When I was in college for my bachelor’s degree, my mother gave me a Gumby figurine. This wasn’t on the order of a usual gift, she explained. The Gumby figurine represented a reminder of how to cope with stress in my life. “Gumby is flexible,” my mother told me, “Sometimes he winds up tied in knots. Sometimes he stands tall. He bends – sometimes a lot – but he doesn’t break.”
I hate to admit this, but I’m fairly sure I rolled my eyes internally.
Despite my belief that this was a bit silly, I kept Gumby on my desk all through finishing my bachelor’s degree. When Arthur and I got married, he found a place in our new apartment. Gumby finally has landed a spot on our bookcase in the living room, near to the clock. Both of us glance at the clock regularly, and thus, see Gumby sitting there too, our visual reminder.
Gumby sitting on our bookcase
With infertility, remaining flexible is a particularly important skill that I continue to work hard towards mastering fully. It’s much easier for me to be flexible in other areas of my life, and I feel I’ve gotten quite good at it in a number of places. Infertility, however, is such a high-stakes issue that it’s a bit harder to be flexible there. I worry that if I’m too flexible, I’ll miss my chance to become a mother.
After my cycle was cancelled on Friday, a wave of “I can’t do this” swept through me. Again, my infertility situation had shifted underneath me just as I was finding a footing, without warning and it knocked me right back onto my rear end. Arthur and I had another sea change, one of several we’ve had to deal with since last October. Yet again, we would have to dust ourselves off, orient ourselves in a new place, figure out which way was up, and how we wanted to deal.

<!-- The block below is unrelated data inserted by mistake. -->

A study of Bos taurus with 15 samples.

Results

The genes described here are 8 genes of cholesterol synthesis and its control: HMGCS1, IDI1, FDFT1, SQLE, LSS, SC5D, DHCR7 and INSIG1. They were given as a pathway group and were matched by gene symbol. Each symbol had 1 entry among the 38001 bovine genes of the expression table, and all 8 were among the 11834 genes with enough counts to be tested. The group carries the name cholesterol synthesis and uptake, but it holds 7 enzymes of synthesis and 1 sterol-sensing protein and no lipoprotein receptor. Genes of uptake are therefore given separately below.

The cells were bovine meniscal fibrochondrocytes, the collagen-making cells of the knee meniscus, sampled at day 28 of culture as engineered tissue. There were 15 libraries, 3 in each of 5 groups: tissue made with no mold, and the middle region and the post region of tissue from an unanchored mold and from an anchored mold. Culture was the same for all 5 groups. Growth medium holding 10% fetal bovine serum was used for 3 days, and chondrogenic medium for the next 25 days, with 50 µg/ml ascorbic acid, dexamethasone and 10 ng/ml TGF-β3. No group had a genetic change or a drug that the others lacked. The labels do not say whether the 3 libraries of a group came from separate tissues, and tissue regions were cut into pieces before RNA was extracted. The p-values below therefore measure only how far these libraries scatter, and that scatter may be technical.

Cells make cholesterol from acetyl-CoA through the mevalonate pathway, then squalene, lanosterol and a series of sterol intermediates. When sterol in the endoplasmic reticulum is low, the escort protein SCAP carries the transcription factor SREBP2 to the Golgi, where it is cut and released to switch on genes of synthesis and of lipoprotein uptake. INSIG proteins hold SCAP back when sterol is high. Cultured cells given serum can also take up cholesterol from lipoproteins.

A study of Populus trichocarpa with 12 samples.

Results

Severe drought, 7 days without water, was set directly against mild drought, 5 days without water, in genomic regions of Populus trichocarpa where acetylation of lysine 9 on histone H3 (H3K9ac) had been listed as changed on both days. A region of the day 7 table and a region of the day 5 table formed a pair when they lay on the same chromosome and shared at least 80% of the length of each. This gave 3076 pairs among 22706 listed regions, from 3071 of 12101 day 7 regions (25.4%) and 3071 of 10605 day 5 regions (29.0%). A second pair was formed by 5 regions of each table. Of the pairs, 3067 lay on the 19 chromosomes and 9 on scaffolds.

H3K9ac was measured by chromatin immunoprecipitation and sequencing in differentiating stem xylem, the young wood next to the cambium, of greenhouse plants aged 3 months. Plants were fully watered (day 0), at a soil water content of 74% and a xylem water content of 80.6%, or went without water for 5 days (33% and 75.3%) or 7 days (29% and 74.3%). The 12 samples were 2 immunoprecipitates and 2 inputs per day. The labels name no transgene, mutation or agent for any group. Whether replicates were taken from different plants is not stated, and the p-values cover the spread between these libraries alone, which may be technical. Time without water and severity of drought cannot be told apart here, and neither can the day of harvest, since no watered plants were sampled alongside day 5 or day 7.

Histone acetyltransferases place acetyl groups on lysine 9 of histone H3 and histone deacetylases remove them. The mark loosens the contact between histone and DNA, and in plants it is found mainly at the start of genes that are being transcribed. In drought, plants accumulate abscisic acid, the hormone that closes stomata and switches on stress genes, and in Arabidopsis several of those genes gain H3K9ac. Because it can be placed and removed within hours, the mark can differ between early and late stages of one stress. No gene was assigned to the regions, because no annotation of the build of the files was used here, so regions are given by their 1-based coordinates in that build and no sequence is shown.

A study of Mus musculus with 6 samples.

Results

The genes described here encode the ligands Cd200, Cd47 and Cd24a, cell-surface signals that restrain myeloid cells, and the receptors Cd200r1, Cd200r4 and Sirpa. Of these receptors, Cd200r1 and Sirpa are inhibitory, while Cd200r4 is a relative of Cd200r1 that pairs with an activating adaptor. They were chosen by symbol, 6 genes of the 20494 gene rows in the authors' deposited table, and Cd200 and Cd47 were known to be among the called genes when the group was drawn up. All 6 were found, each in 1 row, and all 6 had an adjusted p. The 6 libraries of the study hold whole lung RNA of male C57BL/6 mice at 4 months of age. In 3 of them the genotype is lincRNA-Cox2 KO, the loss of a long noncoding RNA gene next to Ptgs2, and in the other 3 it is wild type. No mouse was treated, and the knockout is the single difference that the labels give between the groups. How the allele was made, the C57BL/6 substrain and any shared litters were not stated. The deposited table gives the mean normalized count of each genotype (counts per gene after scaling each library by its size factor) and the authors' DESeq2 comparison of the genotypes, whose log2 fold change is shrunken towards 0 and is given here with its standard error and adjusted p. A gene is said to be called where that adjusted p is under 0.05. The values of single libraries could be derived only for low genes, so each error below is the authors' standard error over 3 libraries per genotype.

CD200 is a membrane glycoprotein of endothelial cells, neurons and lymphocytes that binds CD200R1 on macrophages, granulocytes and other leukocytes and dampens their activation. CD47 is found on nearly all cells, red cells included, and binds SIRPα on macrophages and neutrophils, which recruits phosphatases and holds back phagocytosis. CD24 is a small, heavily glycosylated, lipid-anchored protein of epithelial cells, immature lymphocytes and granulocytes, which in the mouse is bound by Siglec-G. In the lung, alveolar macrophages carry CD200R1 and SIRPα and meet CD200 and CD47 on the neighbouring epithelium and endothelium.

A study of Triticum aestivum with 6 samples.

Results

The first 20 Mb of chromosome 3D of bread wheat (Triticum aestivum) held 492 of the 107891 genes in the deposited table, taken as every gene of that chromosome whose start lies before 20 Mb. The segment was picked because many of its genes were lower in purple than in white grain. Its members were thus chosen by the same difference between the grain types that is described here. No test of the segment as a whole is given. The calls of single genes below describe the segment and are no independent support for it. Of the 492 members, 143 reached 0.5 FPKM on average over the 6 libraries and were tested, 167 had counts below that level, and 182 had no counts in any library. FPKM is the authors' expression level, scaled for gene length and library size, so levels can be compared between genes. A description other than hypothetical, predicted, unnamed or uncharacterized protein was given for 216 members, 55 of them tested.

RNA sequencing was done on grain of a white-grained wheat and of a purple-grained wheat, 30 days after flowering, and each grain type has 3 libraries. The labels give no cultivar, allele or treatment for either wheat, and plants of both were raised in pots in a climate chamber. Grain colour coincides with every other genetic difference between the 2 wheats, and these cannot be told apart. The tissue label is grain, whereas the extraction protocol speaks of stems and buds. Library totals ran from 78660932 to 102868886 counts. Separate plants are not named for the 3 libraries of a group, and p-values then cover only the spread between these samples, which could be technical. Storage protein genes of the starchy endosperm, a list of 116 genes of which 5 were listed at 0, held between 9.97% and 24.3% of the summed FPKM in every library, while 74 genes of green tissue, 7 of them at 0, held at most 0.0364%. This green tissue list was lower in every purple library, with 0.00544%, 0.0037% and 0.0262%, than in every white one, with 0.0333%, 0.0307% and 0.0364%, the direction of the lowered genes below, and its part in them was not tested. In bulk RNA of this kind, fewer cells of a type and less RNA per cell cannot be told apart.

So I cried for a little bit. I called my mother, who was lovely and sympathetic. I let myself feel sad and overwhelmed for a few minutes. It sucked. I walked into the living room, with the intention of going to the adjoining kitchen to get a glass of water. Gumby caught my eye, smiling from the bookcase. “I really hate you,” I told him, marching into the kitchen to grab my water.
The reminder was helpful, however, no matter how resentful I felt at that moment for it (what can I say, my mother was right about Gumby). This isn’t to say I’ve picked myself up by my bootstraps and marched on – I’m still sorting out the surprise of getting the phone call yesterday afternoon that the doctor was cancelling my cycle and that this is the second cancelled cycle in a row (third, if you count the one that was cancelled at the outset for the cysts).
I’ve calmed down a lot about the idea of IVF if that’s what Dr. D recommends. I think some of my initial intense fear/worry was more of a reaction to the surprise and upset of being told my cycle was cancelled. I read blogs from people who have been through IVF cycles – both successful and unsuccessful – and recognize that if IVF is indeed where Arthur and I are headed, we are in good company. I am in complete awe of these many people who have written so honestly about their IVF experiences. From the bottom of my heart, I thank you. It helps so much.
In the end, all I can do is continue to try to be like Gumby. And apply plenty of metaphorical ice to those aching places when I just can’t be that flexible right then.